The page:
Thursday, February 12, 2009

The Beet Queen, by Louise Erdrich



My latest read is The Beet Queen, by Louise Erdrich, a unique tale, and I must honestly say that I'm not sure how I feel about it.


It starts out by introducing us to Adelaide, a "kept woman," who has three children to a married man. When this man suddenly dies, it is a catastrophe for her, and one day she abandons her three children in a most unusual and surreal way. Those children, Karl, Mary, and a baby boy, end up going three separate ways.

So, in the beginning, anything can happen to these three children; the future is full of both danger and potential. Because of the way they were abandoned, I expected the rest of the story to be something akin to a folktale, such as Water for Chocolate, but I was wrong. The story is told by several characters in turn, and all of them are people who have made very strange decisions in their lives. Actually, I felt that both Karl and Mary were released into the world to become blights on other people's lives, causing heartbreak, jealousy, and animosity.

In the end, though, that might have been the point: relationships are emotional, sometimes painfully so, but somehow, people stick together and live with all the feelings, good and bad. They also seek out whatever family they have, so that they can subject them to these feelings without relenting. In fact, near the end of this book, there's a long-suffering dying woman who would really like to not have the company of Mary and Celestine (an old friend-turned-relative), and winds up retreating to her late husband's rec room, where she starts sleeping on the pool table. Now, that's a novel idea: a bed with pockets in every corner, so you don't have to get up for anything!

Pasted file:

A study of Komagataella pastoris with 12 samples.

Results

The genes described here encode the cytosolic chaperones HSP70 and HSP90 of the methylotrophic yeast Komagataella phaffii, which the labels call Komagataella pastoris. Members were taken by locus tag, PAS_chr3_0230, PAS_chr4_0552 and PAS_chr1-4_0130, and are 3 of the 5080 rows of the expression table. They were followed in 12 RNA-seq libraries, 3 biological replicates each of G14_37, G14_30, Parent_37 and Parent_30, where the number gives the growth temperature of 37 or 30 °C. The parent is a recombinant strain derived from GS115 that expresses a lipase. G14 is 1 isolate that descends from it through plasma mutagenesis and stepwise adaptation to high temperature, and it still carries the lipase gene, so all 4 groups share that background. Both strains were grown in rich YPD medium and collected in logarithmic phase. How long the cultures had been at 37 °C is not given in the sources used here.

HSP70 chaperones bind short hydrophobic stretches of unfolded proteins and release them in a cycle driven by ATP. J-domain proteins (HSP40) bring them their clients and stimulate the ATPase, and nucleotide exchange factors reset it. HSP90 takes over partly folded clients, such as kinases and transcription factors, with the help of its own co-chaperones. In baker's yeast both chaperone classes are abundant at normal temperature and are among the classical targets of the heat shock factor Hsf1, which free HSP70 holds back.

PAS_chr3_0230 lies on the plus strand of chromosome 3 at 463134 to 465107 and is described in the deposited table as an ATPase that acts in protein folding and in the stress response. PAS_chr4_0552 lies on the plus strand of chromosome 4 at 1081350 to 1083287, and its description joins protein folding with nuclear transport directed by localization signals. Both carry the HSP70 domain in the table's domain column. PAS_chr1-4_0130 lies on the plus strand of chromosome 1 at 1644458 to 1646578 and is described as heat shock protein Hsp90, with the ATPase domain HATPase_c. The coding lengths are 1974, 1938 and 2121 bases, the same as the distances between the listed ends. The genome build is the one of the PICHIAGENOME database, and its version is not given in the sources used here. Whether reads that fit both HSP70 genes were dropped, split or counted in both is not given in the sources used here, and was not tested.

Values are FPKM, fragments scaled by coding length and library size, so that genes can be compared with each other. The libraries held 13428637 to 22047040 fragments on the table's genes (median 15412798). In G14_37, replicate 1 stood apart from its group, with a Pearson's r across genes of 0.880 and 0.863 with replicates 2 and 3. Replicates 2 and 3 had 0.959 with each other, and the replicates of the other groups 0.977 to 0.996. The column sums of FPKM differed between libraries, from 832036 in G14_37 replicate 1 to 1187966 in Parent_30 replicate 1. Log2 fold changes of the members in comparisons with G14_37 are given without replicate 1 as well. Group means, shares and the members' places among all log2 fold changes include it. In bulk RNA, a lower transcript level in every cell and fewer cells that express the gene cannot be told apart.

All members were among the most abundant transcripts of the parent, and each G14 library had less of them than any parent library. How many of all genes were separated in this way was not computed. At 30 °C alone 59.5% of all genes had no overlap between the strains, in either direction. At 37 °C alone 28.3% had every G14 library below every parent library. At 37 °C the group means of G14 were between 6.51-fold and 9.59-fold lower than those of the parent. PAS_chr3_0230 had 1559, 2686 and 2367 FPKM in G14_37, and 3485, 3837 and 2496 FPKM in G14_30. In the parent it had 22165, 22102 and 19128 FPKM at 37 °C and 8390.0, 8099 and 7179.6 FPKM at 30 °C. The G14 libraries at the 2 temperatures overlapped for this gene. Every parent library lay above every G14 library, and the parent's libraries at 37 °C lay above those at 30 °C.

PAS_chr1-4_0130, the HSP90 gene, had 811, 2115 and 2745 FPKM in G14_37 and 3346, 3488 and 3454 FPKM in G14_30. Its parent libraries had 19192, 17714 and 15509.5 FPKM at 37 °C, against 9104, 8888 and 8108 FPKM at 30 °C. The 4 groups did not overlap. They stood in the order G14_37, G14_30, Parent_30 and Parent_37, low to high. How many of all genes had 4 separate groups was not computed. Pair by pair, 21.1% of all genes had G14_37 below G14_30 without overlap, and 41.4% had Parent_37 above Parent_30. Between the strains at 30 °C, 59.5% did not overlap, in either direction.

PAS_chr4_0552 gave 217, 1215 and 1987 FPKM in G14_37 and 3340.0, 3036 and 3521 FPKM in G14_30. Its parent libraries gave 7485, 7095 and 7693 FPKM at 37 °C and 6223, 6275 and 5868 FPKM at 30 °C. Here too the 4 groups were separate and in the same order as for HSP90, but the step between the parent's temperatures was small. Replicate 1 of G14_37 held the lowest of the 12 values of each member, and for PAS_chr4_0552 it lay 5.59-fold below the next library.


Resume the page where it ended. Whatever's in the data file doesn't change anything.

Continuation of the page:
At the end, I thought that maybe Adelaide's granddaughter was going to escape in the same way she did, but--that's not to be. And so it ends on a happy note, with at least one person realizing that someone desperately loves her.



Louise Erdrich has created some mighty interesting characters for this novel, and also wrote a few very funny scenes. And I kept reading, despite the fact that I had no idea where this story was headed. Erdrich is a talented writer and I might read some of her other books in the future.

7 comments:

Doug said...

It sounds like an emotional book. Any robots?

TLP said...

I'm not saying that I know what to make of the book, but somehow I did keep reading it.

Nessa said...

Sounds too much like resl life ; D

Tom & Icy said...

"They also seek out whatever family (and friends) they have, so that they can subject them to these feelings without relenting." Wow. That sounds just like facebook. Just kidding, sort of. I'm surprised how many bloggers we know have gone to it!

actonbell said...

Doug-no robots, but sometimes Mary and Karl could do imitations

TLP-Erdrich does have something

Nessa-yep!

Tom-I KNOW what you mean.

Balou said...

I think the title alone would make me want to read the book. Sounds like an interesting observation of relationships.

What made you pick this one up?

actonbell said...

Balou, TLP made me do it. She dropped it off one day, and it was sitting there looking all beetish and intriguing.